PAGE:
LONDON - As the United Kingdom heads to a snap parliamentary election on Thursday, accusations of anti-Semitism continue to haunt the Labour Party led by Jeremy Corbyn. The country's chief rabbi even warned that the “soul of the nation is at stake” in the upcoming election.
As discussion of anti-Semitism abounds, and with Brexit still a primary issue for many voters, here are some districts where the Jewish vote may be the deciding factor.
Finchley and Golders Green
This north London constituency is poised for a battle between Liberal Democrat candidate Luciana Berger and the incumbent Tory MP Mike Freer. Berger is a former Labour MP who left the party earlier this year over anti-Semitism after suffering a long campaign of abuse.
The area is 21 percent Jewish and strongly voted “remain” in the 2016 Brexit referendum where the British public opted to leave the European Union.
Although Berger is well-liked in the area and appears to be doing much better than previous Liberal Democrat candidates in Finchley and Golders Green, the incumbent Freer also remains popular.
A recent poll put Berger at 32 percent, with the Conservatives at 42 percent and Labour a distant third at 18 percent.
In a surprise Facebook post last week, he wrote that it is “now clear that the best way to stop Corbyn in Bury South is to vote Conservative and support their candidate Christian Wakeford.”
Hackney North and Stoke Newington
This area is 11 percent Jewish and home to a large ultra-Orthodox community. Its MP, shadow home secretary and close Corbyn ally Diane Abbott, has represented the constituency since 1987 and has developed a close relationship with the local ultra-Orthodox community.
She told the BBC last month that “Not every element of the Jewish community says Jeremy Corbyn is an anti-Semite,” referring to her conversations with her own constituents.
“One of the biggest voting blocs in Hackney is in Stamford Hill, which historically is a large and vibrant Jewish community and I’ve spoken to them about this,” she said.
Abbott is unlikely to lose her 42,265-vote majority. However, Jewish support may nonetheless be eroded by the anti-Semitism scandal — particularly in gentrified areas that have become popular with younger, secular Jews.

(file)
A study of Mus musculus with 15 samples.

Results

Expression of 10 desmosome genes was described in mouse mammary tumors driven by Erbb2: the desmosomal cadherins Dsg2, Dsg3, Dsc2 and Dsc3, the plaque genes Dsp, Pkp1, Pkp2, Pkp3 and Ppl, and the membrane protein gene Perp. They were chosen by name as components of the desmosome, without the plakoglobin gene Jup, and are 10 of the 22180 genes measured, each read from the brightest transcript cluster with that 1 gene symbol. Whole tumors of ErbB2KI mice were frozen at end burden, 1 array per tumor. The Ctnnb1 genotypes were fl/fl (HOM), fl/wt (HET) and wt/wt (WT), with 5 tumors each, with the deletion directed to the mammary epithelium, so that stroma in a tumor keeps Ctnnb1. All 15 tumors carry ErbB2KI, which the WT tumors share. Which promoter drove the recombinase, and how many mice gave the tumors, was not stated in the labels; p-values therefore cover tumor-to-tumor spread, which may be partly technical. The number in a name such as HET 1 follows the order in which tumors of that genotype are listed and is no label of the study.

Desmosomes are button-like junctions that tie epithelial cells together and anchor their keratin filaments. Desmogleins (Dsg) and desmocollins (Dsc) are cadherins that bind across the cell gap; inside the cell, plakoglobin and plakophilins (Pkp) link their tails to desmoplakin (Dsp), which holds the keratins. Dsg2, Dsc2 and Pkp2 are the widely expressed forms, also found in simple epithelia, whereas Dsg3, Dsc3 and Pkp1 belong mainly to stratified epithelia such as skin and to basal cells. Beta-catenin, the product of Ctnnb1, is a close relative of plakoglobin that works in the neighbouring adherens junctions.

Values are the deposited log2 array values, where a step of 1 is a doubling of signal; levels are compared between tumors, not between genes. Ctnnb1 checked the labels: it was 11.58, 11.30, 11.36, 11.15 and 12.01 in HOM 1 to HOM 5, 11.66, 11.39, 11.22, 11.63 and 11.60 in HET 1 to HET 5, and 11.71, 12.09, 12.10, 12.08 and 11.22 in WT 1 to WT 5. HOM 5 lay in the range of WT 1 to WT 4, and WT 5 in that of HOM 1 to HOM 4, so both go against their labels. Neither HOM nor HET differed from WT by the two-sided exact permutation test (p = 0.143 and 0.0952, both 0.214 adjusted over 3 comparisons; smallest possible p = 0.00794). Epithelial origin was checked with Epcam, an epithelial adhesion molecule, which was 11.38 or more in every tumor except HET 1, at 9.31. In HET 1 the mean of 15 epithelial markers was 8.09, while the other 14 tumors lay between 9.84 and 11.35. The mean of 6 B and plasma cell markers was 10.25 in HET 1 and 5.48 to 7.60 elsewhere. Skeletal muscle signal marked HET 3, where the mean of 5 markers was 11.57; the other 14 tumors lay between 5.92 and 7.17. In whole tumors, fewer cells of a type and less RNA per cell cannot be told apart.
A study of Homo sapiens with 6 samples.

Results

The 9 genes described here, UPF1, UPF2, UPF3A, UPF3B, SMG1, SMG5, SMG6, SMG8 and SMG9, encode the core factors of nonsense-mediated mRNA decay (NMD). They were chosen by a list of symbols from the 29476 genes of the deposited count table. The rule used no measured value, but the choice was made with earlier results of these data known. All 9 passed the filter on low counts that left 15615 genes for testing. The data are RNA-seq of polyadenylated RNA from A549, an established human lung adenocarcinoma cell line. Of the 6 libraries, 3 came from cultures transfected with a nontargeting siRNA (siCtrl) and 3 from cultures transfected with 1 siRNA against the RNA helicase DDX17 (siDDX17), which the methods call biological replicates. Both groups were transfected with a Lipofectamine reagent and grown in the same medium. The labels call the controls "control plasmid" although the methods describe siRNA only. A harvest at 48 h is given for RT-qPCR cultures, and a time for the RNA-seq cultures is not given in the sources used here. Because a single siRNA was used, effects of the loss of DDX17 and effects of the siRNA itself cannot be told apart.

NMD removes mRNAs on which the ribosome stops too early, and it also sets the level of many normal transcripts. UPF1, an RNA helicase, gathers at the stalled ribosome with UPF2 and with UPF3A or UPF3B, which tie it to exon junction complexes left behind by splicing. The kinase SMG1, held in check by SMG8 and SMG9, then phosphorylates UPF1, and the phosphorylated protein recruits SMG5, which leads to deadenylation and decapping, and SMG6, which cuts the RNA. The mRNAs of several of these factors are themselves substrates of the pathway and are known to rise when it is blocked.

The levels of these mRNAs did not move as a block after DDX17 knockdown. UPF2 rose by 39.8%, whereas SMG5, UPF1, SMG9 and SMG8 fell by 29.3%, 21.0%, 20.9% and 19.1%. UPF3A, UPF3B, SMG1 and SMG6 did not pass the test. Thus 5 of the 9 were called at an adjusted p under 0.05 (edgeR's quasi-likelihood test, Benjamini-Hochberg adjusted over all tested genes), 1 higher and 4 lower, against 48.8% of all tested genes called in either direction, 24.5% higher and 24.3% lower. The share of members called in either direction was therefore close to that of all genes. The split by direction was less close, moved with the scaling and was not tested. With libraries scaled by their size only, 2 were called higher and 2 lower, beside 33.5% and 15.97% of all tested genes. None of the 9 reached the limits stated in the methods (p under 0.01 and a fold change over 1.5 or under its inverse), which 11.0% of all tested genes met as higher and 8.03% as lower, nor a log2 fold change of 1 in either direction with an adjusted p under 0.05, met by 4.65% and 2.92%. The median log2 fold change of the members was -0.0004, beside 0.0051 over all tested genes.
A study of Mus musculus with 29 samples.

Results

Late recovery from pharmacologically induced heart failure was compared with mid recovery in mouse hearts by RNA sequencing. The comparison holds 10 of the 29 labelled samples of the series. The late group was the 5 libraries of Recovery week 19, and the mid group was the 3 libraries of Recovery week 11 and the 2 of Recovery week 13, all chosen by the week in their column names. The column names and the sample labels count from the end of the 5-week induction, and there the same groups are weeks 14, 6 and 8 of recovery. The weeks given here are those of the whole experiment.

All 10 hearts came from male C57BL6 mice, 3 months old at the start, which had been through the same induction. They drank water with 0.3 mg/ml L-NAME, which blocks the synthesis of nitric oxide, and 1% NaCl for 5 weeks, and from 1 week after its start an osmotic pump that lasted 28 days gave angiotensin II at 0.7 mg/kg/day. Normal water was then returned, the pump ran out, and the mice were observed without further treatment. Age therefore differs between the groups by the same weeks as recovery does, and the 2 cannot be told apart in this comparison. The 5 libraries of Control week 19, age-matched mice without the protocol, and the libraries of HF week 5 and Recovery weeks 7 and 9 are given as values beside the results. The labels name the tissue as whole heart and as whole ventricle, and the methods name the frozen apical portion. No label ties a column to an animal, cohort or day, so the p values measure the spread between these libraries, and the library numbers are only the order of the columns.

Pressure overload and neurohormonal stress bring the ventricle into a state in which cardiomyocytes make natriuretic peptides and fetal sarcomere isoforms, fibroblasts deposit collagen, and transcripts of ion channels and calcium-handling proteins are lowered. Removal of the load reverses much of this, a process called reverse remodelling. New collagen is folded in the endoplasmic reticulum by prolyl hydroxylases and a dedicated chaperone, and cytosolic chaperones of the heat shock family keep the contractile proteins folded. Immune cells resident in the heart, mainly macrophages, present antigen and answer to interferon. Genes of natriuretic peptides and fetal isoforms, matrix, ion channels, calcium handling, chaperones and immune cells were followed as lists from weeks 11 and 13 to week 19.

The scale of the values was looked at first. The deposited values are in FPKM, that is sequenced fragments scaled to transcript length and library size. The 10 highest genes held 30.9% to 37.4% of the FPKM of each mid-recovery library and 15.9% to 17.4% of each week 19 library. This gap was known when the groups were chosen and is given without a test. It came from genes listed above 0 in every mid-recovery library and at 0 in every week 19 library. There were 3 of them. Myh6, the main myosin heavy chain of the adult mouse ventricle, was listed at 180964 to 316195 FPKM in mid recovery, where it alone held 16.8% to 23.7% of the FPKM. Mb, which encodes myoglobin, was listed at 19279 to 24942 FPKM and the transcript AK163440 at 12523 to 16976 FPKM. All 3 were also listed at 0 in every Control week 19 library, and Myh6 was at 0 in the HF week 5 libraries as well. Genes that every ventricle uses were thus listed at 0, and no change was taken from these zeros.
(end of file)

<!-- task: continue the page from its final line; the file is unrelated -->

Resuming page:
Nearly half of Scotland’s Jews live in this constituency south of Glasgow. It was held by Labour until 2015, but this election looks like a race between the incumbent Tory MP Paul Masterton and Scottish National Party candidate Kirsten Oswald.
Around 2,400 Jews live in East Refrewshire — another area that overwhelmingly voted to remain in the EU — and there is some Jewish involvement in local SNP politics. However, if the community has turned away from Labour due to the anti-Semitism controversy, they are unlikely to back the SNP in large numbers. The Scottish nationalists have not ruled out supporting a Corbyn-led Labour coalition if they are promised another referendum on independence.
Ruth Smeeth, one of only seven Jewish candidates running for Labour in this election, has held this Midlands seat since 2015.
Targeted by abuse from both the far left and the far right, she was recently issued with a police panic button that she must carry with her at all times. She told a local newspaper recently that the police had deemed her to be among the top 10 lawmakers at risk of being targeted, adding, “I think it’s because I’m Jewish, and because I’m a woman.”
Smeeth is one of only a very few “exceptional” candidates that the Jewish Labour Movement has agreed to support in this election, having declined to actively campaign for the party as a whole.
But electorally, she has only a relatively small majority and faces stiff competition from the pro-Brexit Conservative candidate Jonathan Gullis in an area that overwhelmingly voted to leave the EU.
Although Kensington is far from being a heavily Jewish part of London, the Labour majority is so small that the incumbent, Emma Dent Coad, is in a precarious position.
This west London area, which encompasses some of the capital’s most affluent areas, has traditionally been a Tory stronghold and was only won by Labour in the last election.
In a recent article for the Jewish Chronicle, Jonathan Boyd, the executive director of the Institute for Jewish Policy Research, noted that the race would be “interesting from a Jewish perspective,” with around 1,500 local Jewish voters who “could make all the difference.”